Of Maypole Climbers & Maypole Thieves

The arrival of May is traditionally celebrated in Salzburg with the Raising of the Maypole. Spring provides the stage, while the starring roles are played by maypole climbers, maypole thieves, beautiful folk costumes and authentic folk music.

Markus, the Maypole Climber

He’s almost made it. The wreath above his head is practically close enough to grab, just a few more centimeters left to go. Markus scoots a little higher, the soles of his feet are burning from being clamped so tightly against the smooth pole. Once again he reaches out for the wreath of sausages, suspended tantalizingly above his head, decorated with colorful ribbons fluttering in the breeze. Far below, spectators who have gathered at the base of the maypole clap and whistle their approval. Shouts of encouragement and the upbeat music being performed by the village band reach his ears. Probably better not to be distracted, though, since he is so high above the ground. Looking down could easily cause his head to spin, which wouldn’t be such a good thing right now. Markus wipes off his brow as the sweat begins to trickle into his eyes, and summons all his strength for one final valiant effort. Peering into the brilliantly blue May sky, he reaches out again and spreads his fingers. And finally, he indeed manages to touch part of the wreath. His heart leaps for joy as he rips the wreath loose and raises it triumphantly. He did it! Everyone applauds, except for Markus, also inadvisable, and the band belts out a celebratory fanfare. Having successfully conquered the maypole, Markus gradually slithers down the polished trunk, his lederhosen actually helping slow down the impetus of his descent. Back on terra firma, his pals greet him with slaps on the back and a first well-deserved mug of beer – the cool brew is definitely just what the doctor ordered after such an exhilarating adventure. Just a little later, while Markus is still busy gobbling up a helping of fried chicken with a side of potato salad, the next daredevil maypole challenger is already up to some “monkey business” of his own.

From “Witches’ Tree” to Fertility Symbol

Climbing the maypole is just one of the folk traditions associated with May Day. Every year, right in time for the arrival of the “Merry Month”, maypoles are “planted” across the length and breadth of Salzburg, decorated with colorful ribbons along with sausage wreaths. It’s a custom that goes all the way back to the Middle Ages. Later, during a darker chapter of European history – the era of witch hunts – in the 17th century, raising the maypole drew lots of attention, though for different reasons: People thought that, especially on Walpurgis Night – the night before May 1st – scary witches and evil spirits were out and about and up to no good. This is where the tradition of removing every last piece of bark from the so-called “Witches’ Tree” came from: If you didn’t, they might very well hide right inside the bark!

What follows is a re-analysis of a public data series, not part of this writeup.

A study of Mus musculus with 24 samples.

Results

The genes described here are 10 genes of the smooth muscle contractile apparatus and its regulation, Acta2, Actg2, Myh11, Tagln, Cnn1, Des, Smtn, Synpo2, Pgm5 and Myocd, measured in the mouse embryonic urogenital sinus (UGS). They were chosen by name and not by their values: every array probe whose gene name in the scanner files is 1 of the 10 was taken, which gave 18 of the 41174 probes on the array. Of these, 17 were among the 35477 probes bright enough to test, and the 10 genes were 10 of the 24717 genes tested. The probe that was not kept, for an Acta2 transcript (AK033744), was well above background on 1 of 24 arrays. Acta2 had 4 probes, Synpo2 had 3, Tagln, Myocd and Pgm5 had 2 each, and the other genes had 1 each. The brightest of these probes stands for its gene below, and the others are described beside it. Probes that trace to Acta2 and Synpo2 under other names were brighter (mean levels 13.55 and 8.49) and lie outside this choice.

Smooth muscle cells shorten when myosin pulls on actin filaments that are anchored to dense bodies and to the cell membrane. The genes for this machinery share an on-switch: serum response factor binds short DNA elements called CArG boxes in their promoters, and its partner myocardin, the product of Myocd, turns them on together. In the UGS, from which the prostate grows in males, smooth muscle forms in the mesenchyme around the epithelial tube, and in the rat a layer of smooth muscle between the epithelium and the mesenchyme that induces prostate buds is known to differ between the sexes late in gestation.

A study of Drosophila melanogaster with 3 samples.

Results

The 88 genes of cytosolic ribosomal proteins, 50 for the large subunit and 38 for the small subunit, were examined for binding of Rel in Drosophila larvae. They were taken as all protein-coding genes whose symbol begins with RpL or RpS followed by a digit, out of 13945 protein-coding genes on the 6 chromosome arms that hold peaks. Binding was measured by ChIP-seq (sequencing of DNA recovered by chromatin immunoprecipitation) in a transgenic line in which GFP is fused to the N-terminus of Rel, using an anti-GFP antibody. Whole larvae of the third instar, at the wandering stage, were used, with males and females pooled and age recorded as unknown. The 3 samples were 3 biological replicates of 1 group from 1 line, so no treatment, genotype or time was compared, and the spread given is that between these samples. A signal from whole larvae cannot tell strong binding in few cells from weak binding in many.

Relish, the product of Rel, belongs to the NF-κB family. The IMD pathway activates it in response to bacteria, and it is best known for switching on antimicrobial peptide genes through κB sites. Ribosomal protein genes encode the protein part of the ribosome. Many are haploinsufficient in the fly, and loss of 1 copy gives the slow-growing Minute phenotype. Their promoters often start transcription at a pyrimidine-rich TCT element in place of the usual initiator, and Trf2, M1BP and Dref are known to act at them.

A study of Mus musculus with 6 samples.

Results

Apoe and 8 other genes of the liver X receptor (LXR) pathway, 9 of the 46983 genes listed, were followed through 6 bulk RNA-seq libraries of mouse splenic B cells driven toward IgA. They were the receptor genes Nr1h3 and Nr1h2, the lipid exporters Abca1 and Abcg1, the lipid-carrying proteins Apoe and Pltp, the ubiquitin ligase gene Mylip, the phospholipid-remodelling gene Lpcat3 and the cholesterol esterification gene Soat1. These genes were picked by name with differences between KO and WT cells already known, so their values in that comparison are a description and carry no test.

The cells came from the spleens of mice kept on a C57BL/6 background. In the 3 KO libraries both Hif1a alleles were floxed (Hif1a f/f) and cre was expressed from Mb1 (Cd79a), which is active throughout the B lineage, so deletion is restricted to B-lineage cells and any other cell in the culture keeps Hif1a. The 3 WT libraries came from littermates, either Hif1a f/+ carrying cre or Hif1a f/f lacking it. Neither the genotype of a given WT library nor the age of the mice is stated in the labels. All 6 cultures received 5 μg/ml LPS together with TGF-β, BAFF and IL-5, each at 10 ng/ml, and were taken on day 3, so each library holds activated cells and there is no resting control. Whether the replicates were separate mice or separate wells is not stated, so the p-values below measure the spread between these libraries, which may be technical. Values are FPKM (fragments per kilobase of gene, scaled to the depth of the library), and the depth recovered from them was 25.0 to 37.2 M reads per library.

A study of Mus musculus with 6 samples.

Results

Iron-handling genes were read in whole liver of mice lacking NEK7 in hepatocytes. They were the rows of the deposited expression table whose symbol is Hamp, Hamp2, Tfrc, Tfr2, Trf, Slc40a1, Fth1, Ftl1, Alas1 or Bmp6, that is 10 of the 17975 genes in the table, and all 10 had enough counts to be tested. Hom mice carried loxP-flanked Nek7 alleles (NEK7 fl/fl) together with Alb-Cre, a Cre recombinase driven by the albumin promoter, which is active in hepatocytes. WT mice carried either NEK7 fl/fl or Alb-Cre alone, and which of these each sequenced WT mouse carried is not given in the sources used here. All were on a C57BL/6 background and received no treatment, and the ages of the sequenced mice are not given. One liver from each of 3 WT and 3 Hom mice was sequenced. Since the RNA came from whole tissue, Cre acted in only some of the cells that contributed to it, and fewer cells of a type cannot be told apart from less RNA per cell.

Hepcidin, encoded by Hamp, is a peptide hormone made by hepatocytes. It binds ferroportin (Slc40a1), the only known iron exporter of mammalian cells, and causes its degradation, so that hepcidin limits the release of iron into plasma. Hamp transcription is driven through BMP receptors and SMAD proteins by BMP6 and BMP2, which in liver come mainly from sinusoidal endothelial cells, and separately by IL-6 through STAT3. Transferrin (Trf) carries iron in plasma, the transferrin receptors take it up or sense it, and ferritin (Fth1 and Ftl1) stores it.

The celebration as we know it today probably dates back to the 19th century. Since then, the maypole has been regarded as a symbol of renewal, growth and springtime. A sign that the bountiful time of year has finally returned.

Stealing the Maypole and Celebrating Spring

Nowadays, the de-barked, decorated maypole is generally transported into town on April 30th, then raised on May 1st as part of a big, colorful festival. However: On the night before May 1st, the locals have to keep a close eye on the tree, since yet another tradition encourages young lads from neighboring villages to sneak in and steal the maypole during Walpurgis Night! Which would be an embarrassing event, of course, so the local boys guard the maypole fiercely throughout the night. The next morning, assuming the maypole is still standing where it is supposed to be, the actual festival will get underway. After being stored away during the way-too-long winter months, lederhosen pants and dirndl dresses are pulled out of the closet and dusted off – then the celebrations begin! Accompanied by loud hooping and hollering, the maypole is traditionally hoisted using long wooden poles – in several stages, it goes without saying. Not just so that everyone can catch their breath, but also because the opportunity lends itself perfectly to enjoy a round of beer with your fellow hoisters. Even with the maypole standing tall and stout, the festivities are far from over. After all, you can’t celebrate springtime enough. Accompanied by folk music, all kinds of mouthwatering treats, beer and wine, the fun often continues until dusk, when finally the chillier air encourages even the hardiest partyers to return to the warmth of their own living rooms. And Markus? Well, he’s looking forward to next year, since he already has his eye on the sausage wreaths strung even higher up the maypole than the one he snagged today. The arrival of springtime seems to give us all an added surge of energy, doesn’t it?!

Raising the Maypole is an especially attractive tradition you can experience first-hand in and around Salzburg City. Here you will find the Maypole Events Overview!